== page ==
IMPORTANT REGENCY CONVEX GIRANDOLE MIRROR WITH FOUR CANDLE ARMS SURMOUNTED WITH AN EAGLE AND ANTHEMION
American or English, c.1825
A carved eagle with spread wings on a tapering platform above scrolled foliage and a pierced anthemion above a convex glass surrounded by an ebonized mirror slip and gilded frame decorated with gilded compo decoration and a foliate pendant, flanked by pairs of candle arms. Woods: white pine.
H: 67” D: 31”
Condition: Excellent: the bobèche are modern replacements. The original gilding has been cleaned of later paint and small areas of gilding loss have been patched where necessary.
*Currently on view at our booth at the Gallery at 200 LEX in the New York Design Center, 200 Lexington Avenue, (at 32nd Street), floor 10, New York City.
Thomas Sheraton describes convex girandole mirrors in his Cabinet Dictionary (London,1803), saying:
“The properties of such mirrors consist in their collecting the reflected rays into a point, by which the perspective of the room in which they are suspended, presents itself on the surface of the mirror, and produces an agreeable effect. On this account, as well as for the convenience of holding lights, they are now become universally in fashion, and are considered both as a useful and ornamental piece of furniture.”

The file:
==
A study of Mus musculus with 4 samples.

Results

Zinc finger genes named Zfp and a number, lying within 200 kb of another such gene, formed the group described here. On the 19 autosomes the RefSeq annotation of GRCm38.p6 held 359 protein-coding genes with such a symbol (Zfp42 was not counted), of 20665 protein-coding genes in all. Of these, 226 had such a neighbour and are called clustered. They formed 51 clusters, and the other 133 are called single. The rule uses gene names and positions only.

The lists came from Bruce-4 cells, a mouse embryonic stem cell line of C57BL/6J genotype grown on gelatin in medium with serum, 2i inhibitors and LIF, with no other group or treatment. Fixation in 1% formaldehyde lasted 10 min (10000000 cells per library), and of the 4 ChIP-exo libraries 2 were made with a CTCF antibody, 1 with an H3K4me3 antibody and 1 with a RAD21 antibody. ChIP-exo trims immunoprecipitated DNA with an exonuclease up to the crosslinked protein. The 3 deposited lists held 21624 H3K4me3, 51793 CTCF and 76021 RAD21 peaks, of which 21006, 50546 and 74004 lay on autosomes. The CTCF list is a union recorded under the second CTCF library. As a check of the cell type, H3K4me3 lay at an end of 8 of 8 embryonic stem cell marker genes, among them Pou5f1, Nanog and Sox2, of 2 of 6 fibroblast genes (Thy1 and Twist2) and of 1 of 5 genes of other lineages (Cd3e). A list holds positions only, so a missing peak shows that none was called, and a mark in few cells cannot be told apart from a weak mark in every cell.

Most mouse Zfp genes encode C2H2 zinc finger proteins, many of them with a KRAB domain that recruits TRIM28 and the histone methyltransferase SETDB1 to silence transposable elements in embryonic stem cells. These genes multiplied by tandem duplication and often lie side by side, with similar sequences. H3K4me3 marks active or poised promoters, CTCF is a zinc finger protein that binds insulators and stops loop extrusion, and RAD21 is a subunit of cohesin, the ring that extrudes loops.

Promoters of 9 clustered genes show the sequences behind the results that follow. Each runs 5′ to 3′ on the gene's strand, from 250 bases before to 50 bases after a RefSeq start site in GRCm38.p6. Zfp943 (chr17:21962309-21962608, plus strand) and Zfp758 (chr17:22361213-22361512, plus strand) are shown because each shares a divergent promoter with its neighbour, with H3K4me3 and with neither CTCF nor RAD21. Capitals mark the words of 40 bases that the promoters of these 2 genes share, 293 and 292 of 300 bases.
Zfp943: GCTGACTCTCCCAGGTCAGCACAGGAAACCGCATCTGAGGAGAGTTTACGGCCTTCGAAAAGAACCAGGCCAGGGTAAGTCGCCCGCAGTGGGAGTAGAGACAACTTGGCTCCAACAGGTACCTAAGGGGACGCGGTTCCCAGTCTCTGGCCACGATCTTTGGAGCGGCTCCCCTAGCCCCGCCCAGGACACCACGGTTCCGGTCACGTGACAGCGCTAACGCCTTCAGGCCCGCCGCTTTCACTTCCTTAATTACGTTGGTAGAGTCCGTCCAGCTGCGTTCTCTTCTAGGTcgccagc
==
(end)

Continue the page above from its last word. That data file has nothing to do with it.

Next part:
Convex mirrors with molded gilt frames have been prized for their decorative qualities since the 15th century. The first, and maybe only publication of designs for this form was in George Smith’s 1808 Designs for Household Furniture, where he published two plates by J. Taylor dated 1804 (pl.135, 136). One design was surmounted by a bat and the other by an anthemion, and this opened the flood gates for many other interpretations. The form remained fashionable throughout the Classical period. An example from the Metropolitan Museum of Art can be seen here.
The present monumental Regency convex girandole mirror, which must have been inspired by Smith’s illustration (pl. 136), boasts an extraordinary eagle on a towering platform above a pierced anthemion. A remarkable amount of original gilding survives.